Do You Have a Friendgirl?
He’s like so many young men who are “just friends” with single, young women who believe the relationship might actually be going somewhere. At best, these guys are unwittingly part of a relationship that deceptively looks like a good deal for both parties. At worst, they’re willfully blind to the ways they feed a relationship that largely just benefits them.
So in a way, it’s a classic case of friends with benefits, only in the cases Rogers is referring to, the benefits stop short of the sexual variety. Which is maybe why Christian guys think these pseudo relationships are OK. But Rogers goes on:
If you’re one of these guys, it’s time for a wake-up call. It’s time to recognize that there’s something more important at stake here than your convenient relationship with your friendgirl. What’s at stake is her heart.
He then provides a helpful checklist for discovering if you have a friendgirl:
You might have a friendgirl if you’re friends with a woman you never intend to marry and . . .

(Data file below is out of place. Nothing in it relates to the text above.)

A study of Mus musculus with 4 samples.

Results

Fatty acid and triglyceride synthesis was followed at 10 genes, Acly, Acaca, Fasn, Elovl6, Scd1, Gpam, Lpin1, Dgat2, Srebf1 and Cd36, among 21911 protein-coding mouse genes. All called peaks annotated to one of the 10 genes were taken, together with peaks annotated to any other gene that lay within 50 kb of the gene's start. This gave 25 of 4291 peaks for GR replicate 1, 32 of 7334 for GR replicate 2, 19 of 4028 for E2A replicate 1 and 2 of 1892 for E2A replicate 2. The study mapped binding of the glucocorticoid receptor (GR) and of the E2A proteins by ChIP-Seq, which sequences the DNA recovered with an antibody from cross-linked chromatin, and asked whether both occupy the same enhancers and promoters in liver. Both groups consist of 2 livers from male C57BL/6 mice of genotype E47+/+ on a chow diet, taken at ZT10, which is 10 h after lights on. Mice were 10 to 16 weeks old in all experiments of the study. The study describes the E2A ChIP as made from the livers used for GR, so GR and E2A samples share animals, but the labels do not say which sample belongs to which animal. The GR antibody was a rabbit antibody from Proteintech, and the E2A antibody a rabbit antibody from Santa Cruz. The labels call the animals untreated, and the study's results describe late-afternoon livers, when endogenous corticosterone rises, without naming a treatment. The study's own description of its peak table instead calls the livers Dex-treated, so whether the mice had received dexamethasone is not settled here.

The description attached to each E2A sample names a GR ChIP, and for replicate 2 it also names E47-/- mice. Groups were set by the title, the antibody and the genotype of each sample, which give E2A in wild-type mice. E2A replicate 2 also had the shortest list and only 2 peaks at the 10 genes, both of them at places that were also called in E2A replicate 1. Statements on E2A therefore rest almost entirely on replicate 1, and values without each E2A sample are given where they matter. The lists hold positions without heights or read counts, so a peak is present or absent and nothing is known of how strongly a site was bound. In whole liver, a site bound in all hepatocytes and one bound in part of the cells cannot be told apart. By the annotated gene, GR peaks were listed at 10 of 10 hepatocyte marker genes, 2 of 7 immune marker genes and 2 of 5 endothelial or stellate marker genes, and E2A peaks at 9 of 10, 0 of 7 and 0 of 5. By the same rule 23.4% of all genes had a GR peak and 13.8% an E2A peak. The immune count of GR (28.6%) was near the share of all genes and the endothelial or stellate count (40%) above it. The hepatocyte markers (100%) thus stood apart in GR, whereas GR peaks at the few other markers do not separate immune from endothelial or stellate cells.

- You know she’s interested, but you figure that as long as you don’t kiss her, she will understand that the relationship is platonic.
- People ask if you’re dating her, and you act surprised every time.
- You’ve had to sheepishly explain that she’s “like a sister” to you.
- You think that defining the relationship means passively aggressively hinting that you’re not into her.
- When she calls you, you hang out with her if it’s convenient.
- When you call her, she drops everything to be with you.
- You justify continuing to hang out with her — despite being uninterested — because, well, you never know, maybe an attraction will eventually develop.
Having experienced being the friendgirl, that list made me cringe. There’s a lot of great food for thought in this article, but the bottom line for men with a friendgirl? Rogers says either make her your girlfriend or break up with her. She deserves a man who will actually pursue her — not someone who’s biding his time until the woman he really wants comes along. Like I said, tough truth to handle. But truth nonetheless.
About the Author
Suzanne Hadley Gosselin is a freelance writer and editor. She graduated from Multnomah University with a degree in journalism and biblical theology. She lives in California with her husband, Kevin, who is a family pastor, and her four young children: Josiah, Sadie, Amelia and Jackson. When she’s not hanging out with her kids, Suzanne loves a good cup of coffee, conversation with friends, musical theater and a trip to the beautiful California coast.